Le Puy à Vins
When you find a small French town dominated by an improbably large church, there are three questions to ask yourself. How many relics does it hold? What connection to the crusades does it have? And is it on the pilgrimage route to Santiago de Compostela? The Église Notre-Dame, which towers above the rooftops of Le Puy-Notre-Dame and indeed much of the surrounding countryside, an effect amplified by its hilltop position, scores high on all three counts. Although built between 1154 and 1250, the church that stands today replaced an earlier one erected to house the Virgin Mary’s waistband, brought here by Guillaume IX, who returned from the crusades with the holy relic in his possession. Small wonder that the town soon became a regular stop off point for pilgrims on their way to the shrine of Saint James the Great.
No doubt the town catered for these pilgrims, but I doubt any of the hospitality they received was of the quality offered by Le Puy à Vins, which sits in the shadow of the aforementioned church. Calling in one lunchtime after at least two personal recommendations, my first impressions weren’t the best. While there is no denying the pretty facade, the outside seating seemed to be centred around an ancient bed stuffed with cushions, and a table made from a wooden pallet, perhaps salvaged from the local tip and brought back to life with a lick of green paint. Inside, the slightly-too-loud music seemed to shift aimlessly from the Muttrah Souk to the smoky jazz clubs of Tangiers, indeed anywhere but a bistro just thirty minutes from Saumur. Only the Bourgueillothérapie poster reassured me that I was, in fact, on familiar ground.
Having ordered, I whiled away the time nursing a glass of Ze Bulle Blanc Zero Pointé from Château Tour Grise, vintage uncertain; it smelt and tasted of baked apples and very little else. Wines like this are like listening to African jazz in a French bistro; neither gives any clue as to where you are. To my mind, wines from Saumur and its environs should smell and taste of their origins, Chenin Blanc, limestone and flint, but wines that are oxidised or oxidative (you can dress it up any way you want) can never speak of these things. I’ve never understood why wines such as this are any better than those that disguise their origins with late picking, cold maceration and excessive amounts of buttery new oak.
Anyway, I digress; back to Le Puy à Vins. I countered the taste of this sparkling and cidery Saumur-ish wine with some of the little pitted olives that also arrived, and began to wonder if ours would be the only occupied table this lunchtime. It was beginning to look that way, when – after a long wait, about which to be fair we were warned – two plates arrived.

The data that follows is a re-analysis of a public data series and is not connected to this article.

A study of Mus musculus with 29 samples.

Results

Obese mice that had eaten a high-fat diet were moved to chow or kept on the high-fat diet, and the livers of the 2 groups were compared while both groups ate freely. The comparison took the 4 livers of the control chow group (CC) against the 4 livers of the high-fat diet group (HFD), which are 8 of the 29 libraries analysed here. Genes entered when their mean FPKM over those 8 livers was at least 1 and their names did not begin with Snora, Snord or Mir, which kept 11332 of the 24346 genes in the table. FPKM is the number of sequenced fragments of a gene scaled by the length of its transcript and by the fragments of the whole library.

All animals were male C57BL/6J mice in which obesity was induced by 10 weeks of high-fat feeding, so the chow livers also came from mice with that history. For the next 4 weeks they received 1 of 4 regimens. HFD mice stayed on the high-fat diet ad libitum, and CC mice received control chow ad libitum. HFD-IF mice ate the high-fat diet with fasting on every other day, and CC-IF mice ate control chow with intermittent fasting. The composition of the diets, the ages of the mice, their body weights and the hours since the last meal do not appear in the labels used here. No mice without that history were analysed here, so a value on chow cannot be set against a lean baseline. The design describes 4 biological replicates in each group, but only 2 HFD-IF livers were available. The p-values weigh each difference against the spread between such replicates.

To say that I was surprised by the presentation here would be something of an understatement. The funky exterior furniture, even funkier music and the exceedingly funky wine list had led me to anticipate something earthy, natural and down-to-earth. Something homely, perhaps. What actually arrived were two dishes of such elegant presentation I immediately looked up to check I hadn’t been teleported to the restaurant of a Michelin-starred chef. Clearly I had stumbled (alright, been guided to) something quite special here. First up was an entrecôte porc ibérico, with mushrooms and carrots, and this was all-round delicious. The pork was sensitively done, tender and flavoursome, yielding easily to the cut of the knife, and it rested in a flavour-packed jus which lifted every mouthful to a new level. No less impressive was the black Angus bavette, served with garlic roasted potatoes and a cream and chive sauce. The bavette steak had obviously been well marinated before cooking, its core pink and tender, its crust dark and packing a powerful punch of flavour. With the gently flavoured cream and chive sauce, and the crispy garlic potatoes, this was nothing short of heavenly. I savoured every mouthful, not wanting to clear my plate too quickly. It is a long time since I have felt this way about any lunch I have eaten.
When this course had come to an end it was already clear that this was a must-return venue. If I lived in Le Puy-Notre-Dame it would not be long before I knew all the staff by name, and they knew me as “that guy who speaks bad French who comes here every week”. Nevertheless, I thought I should investigate further, and so ordered a dessert, a simple pastry served with a selection of ice creams, the flavours of which – I went for raspberry and chocolate – were nothing short of explosive. I finished up with a pretty smart Illy espresso. Thanks to an oversight (heaven only knows how – with three covers for the entire service no-one can blame the workload) the two desserts had disappeared from the bill, which therefore came to a very affordable €53.50. I asked the bill be amended as below. Well, it’s only fair. Especially if I’m going to be a regular. (12/9/15)
Prices: The two plats were €18 and €20, desserts were €7 each, and two glasses of wine were €3.50 and €4 each. Coffees were €4 each. The total bill for two, including mineral water, was €67.50.